According to Pope, homework should not be simply assigned as a routine practice.
“Rather, any homework assigned should have a purpose and benefit, and it should be designed to cultivate learning and development.” Video: Do Students Really Have Too Much Homework? “There are simply no compelling data to justify the practice of making kids work what amounts to a second shift when they get home from a full day of school,” says Alfie Kohn, an expert on child education, parenting, and human behavior, as well as the author of homework.
“But too much homework that takes over everyone’s lives should never happen.
There should be agreed upon standard homework times per grade level.” Reinventing Homework Are there ways to deemphasize the overreliance on standard homework assignments and allow students to learn through other conducive means?
“I have calculated that I have averaged only two to three ‘teaching’ days per week, depending upon re-teaching for those hard to conquer standards and testing,” Linder says.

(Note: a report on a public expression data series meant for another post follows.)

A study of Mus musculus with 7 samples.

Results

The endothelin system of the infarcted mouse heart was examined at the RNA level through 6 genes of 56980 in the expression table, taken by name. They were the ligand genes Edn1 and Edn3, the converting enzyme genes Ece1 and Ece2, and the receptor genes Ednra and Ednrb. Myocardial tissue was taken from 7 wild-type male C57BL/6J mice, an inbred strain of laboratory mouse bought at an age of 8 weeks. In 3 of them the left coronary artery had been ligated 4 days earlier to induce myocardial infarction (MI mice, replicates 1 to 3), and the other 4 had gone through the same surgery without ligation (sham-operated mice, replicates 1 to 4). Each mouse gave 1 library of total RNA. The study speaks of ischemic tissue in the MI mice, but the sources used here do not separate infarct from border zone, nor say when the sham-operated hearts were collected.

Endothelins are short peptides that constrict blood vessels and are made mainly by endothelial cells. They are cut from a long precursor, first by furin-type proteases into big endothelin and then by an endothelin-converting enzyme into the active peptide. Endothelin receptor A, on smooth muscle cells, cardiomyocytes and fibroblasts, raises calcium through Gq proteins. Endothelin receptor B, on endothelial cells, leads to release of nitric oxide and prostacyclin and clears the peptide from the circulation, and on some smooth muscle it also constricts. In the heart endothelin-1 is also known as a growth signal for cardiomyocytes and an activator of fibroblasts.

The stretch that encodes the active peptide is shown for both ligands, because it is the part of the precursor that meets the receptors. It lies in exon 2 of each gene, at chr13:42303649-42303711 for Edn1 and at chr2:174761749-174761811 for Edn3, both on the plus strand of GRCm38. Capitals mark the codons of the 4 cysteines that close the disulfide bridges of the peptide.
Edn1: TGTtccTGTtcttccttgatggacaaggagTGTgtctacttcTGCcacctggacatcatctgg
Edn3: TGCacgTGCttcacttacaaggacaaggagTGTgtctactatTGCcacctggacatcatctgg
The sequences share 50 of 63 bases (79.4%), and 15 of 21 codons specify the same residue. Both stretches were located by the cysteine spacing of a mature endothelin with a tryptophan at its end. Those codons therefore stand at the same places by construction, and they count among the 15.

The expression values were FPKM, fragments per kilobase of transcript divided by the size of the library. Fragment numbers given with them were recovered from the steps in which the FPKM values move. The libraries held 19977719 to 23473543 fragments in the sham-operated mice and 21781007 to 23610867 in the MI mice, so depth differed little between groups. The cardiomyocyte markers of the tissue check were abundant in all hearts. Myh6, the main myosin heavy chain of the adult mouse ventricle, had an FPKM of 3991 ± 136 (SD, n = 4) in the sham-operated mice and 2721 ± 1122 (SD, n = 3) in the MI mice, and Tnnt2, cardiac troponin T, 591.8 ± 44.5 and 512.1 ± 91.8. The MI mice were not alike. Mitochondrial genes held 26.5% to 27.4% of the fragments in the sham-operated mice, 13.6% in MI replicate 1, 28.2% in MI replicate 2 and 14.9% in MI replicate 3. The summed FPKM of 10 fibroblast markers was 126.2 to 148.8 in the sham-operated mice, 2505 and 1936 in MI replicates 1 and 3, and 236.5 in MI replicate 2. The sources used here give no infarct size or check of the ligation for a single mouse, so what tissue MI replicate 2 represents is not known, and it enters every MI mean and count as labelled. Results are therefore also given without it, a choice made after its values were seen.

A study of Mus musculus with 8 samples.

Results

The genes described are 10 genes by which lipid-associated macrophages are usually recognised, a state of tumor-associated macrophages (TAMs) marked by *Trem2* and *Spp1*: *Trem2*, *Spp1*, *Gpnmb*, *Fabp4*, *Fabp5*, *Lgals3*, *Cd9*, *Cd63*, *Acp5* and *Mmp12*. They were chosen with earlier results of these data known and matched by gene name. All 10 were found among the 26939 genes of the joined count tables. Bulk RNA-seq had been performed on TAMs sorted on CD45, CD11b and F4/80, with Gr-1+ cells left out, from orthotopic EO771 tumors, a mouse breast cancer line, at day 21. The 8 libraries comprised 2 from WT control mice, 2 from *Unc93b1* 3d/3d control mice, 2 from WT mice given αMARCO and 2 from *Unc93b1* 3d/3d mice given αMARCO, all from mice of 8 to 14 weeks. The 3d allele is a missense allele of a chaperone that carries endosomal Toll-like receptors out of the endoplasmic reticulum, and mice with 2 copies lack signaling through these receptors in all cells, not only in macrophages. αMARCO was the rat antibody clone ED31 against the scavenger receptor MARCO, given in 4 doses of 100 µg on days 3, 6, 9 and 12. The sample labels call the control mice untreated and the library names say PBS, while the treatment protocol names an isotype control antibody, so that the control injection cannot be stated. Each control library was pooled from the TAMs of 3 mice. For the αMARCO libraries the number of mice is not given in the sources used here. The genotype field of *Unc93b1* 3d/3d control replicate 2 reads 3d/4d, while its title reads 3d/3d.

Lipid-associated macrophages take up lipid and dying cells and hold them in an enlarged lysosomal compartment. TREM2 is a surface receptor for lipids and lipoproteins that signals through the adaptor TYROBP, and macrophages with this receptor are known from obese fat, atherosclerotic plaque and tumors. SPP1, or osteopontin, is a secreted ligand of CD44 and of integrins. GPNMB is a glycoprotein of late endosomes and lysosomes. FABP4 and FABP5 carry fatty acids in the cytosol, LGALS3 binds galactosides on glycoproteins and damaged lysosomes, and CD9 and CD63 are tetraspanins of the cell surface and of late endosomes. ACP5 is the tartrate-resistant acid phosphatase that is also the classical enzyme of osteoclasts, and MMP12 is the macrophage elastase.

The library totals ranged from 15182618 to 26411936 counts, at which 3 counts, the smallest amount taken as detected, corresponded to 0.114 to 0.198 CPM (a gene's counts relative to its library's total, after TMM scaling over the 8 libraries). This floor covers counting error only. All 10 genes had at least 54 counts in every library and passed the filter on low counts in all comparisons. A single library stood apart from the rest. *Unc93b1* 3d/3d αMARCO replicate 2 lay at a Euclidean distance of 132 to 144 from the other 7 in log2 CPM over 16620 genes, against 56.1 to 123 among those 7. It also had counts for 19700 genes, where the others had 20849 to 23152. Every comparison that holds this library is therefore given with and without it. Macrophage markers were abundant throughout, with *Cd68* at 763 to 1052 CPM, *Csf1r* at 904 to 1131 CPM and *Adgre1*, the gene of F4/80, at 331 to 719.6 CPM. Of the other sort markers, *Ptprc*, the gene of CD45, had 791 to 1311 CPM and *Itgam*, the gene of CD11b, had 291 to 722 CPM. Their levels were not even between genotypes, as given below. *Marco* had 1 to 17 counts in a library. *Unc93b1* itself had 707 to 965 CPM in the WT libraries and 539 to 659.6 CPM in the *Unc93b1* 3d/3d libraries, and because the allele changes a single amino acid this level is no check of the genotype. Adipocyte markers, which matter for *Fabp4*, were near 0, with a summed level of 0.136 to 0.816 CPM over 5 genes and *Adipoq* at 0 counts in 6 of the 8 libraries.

“My students have not covered as much material as students in the past have because of these factors.
“Students have not had that daily homework practice in any subject that keeps the concepts ‘alive’ and moving in their brains, so that means that much of the practice time and teaching time and testing time had to come during the class time each day,” Linder says.
Still, other districts across the country are taking second looks at the practice.
The principal of Gaithersburg Elementary in Maryland decided to ask students to spend only 30 minutes in the evening reading.
The decision was reached out of the realization that worksheets and other assignments had been assigned merely out of a sense of obligation to dole our homework to students.